If you’ve spent any time making circuits on breadboards, you’ll know things can sometimes get messy, especially when your circuit is complex. There’s no worse feeling than finding a cool circuit online, wiring it up, and turning it on to find it doesn’t work. Often this is because of a subtle wiring error or backward component, but if your breadboard is messy, fixing it will feel like finding a needle in a haystack. In this article, we’re going to build an LED follower circuit using a 555 Timer and share some tips for how you can keep your circuit clean and easy to understand as you go along.
First, here’s the schematic for the circuit we are aiming to build.
Note: The transistors are NPN bipolar junction transistors. I am using the 2N3904 but the BC547 or any other general-purpose BJT will work just as well.
This circuit has an integrated circuit, the 555 Timer, so let’s put that on the board first, near the middle so that we have room to work on both sides.
The small wires you see are connecting all of the power rails together. Most breadboards have power rails that run the length of the board, but the one I’m using here actually has them separated at the midpoint.
Tip #1: Prioritize Large Components
The first step in making an organized circuit is to think ahead. Looking at the schematic, which components will take up the most space? We don’t want to put these in last and realize we have no space for them. Surely the LEDs and the transistors are going to the largest components, so let’s pick a spot for them and place them down first, along with the resistors connected to the LEDs.
Curious how my resistors and LEDs look so neat? This leads us to the most important tip in this article!
Tip #2: Cut Down Component Leads!
Once you figure out where you want to place a component, you can cut the leads down to just the necessary amount to make the connection. This will make your board much neater, and make it easier to see where components are connected.
I can make these components’ leads very short since they are connecting points that are right next to each other. We’ll see soon that we can’t make them all this short.
Next, let’s add R3, R4, and D1. We will trim down R4 in a similar fashion. R3 and D1, on the other hand, need to reach all the way to the IC. I’m going to place them in without trimming them to get an idea of how long they need to be.
Once I have bent them into the position you see above, I can take them out and cut them just a bit below where the lead bends. This means the component will reach where it needs to go on both ends but still sit snugly in the board.
We’ll do the same for C2 to complete this part of the circuit.
Next, we need to make a few simple connections between the 555 Timer and the power rails. Pins 4 and 8 connect to the positive rail and pin 1 connects to the ground. The way you do this is very important.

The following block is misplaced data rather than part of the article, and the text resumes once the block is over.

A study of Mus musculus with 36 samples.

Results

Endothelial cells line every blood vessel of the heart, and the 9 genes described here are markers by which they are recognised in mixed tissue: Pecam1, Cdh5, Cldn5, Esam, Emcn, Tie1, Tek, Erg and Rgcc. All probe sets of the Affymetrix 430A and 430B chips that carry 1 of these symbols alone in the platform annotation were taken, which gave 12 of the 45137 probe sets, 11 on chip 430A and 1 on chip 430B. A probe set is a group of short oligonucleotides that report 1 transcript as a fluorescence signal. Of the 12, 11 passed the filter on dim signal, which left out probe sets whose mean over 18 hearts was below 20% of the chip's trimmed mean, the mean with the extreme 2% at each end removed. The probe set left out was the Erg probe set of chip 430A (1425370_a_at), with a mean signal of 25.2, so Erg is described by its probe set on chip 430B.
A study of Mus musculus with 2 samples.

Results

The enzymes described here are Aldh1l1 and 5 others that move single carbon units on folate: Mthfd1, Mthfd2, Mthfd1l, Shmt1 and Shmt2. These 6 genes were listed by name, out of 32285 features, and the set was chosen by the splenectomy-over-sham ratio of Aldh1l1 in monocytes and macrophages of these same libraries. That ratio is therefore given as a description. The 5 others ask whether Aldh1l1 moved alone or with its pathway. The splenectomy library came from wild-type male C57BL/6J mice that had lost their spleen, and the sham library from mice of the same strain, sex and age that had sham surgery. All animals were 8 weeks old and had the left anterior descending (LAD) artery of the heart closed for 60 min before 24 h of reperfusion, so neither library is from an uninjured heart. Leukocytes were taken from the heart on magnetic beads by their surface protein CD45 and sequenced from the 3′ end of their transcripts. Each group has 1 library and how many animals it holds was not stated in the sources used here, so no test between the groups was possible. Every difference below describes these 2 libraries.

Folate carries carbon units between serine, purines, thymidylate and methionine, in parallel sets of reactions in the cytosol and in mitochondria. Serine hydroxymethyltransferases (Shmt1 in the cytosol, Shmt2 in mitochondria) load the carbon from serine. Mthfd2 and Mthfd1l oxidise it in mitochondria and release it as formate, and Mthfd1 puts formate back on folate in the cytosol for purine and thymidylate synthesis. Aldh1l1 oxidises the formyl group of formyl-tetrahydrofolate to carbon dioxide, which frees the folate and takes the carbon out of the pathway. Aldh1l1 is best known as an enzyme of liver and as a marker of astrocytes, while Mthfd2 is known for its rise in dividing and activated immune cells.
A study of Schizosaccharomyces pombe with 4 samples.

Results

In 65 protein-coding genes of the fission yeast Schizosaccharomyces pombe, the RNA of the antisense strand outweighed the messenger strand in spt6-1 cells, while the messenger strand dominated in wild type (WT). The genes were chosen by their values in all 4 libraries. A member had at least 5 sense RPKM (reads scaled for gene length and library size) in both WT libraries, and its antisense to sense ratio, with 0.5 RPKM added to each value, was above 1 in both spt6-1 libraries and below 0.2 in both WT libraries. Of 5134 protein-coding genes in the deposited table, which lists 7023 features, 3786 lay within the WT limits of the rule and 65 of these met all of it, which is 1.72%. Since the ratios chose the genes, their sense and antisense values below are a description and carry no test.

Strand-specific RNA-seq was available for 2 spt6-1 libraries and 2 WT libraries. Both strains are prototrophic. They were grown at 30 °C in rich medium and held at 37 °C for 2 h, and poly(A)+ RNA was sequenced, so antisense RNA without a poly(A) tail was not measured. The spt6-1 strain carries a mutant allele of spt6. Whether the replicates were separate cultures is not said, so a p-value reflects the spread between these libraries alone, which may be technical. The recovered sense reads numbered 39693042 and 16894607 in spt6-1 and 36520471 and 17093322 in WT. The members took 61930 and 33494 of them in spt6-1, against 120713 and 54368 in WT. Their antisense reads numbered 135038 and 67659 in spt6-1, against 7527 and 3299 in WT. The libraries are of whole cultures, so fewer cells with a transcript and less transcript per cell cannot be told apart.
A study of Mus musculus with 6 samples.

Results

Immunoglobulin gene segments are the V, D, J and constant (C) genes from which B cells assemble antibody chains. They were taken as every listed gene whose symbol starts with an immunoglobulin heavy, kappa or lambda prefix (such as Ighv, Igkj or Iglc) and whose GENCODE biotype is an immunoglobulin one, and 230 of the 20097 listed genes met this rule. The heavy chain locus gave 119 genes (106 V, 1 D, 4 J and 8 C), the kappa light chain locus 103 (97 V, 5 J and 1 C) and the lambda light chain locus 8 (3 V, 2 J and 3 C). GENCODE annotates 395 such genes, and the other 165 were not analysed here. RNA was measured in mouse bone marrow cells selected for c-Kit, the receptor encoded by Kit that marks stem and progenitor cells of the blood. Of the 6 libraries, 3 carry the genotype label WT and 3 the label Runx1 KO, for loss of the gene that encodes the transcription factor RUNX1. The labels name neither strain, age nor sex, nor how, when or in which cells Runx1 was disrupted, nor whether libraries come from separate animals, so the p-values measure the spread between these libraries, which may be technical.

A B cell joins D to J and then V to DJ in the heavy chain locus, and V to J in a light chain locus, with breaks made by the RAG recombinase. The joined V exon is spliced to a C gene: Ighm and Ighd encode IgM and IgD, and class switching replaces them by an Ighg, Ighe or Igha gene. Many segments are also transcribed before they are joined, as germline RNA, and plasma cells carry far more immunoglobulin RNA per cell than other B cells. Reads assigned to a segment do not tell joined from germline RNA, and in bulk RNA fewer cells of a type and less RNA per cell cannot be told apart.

Tip #3: Avoid Jumper Wires, Make Your Own
Jumper wires (also called DuPont wires) are very convenient, but having a lot of them on your breadboard creates a huge mess. For example, here’s a breadboard I put together some time back using exclusively jumper wires.
Any idea what this circuit does? Yeah, didn’t think so. You can avoid this spaghetti nightmare by getting yourself some rolls of wire (preferably in various colours) and a pair of wire strippers. Note that you will want solid wire (instead of stranded wire) for breadboards.
This will allow you to make wires that are just the right length for your connections, making them much nicer on the eyes. Let’s add the necessary wires to our circuit.
Next, we’ll add R1, R2, and C1, following my earlier advice of cutting down the leads.
Finally, we need to connect pin 7 to the point between R1 and R2, and pin 2 and 6 to the point between R2 and C1, but not with just any wire.
Tip #4: Colour Code Your Wires
You may have noticed that I connected pins 4 and 8 to the positive rail using red wires, while I connected pin 1 to the ground using a black wire. That was intentional. By maintaining this convention, we can easily identify positive voltage connections and ground connections just by the colour of the wire. For this reason, the next few connections will not use red or black wires as they do not connect to a power rail. Instead, I will use a green wire to connect pin 7 and blue wires to connect pins 2 and 6. I am using blue for both 2 and 6 to indicate that they are making the same connection.
That should do it. Let’s set our MEGO power supply to 9 V and turn it on.
The LEDs light up in succession, moving from right to left and looping indefinitely. And most importantly, our board looks very tidy and professional.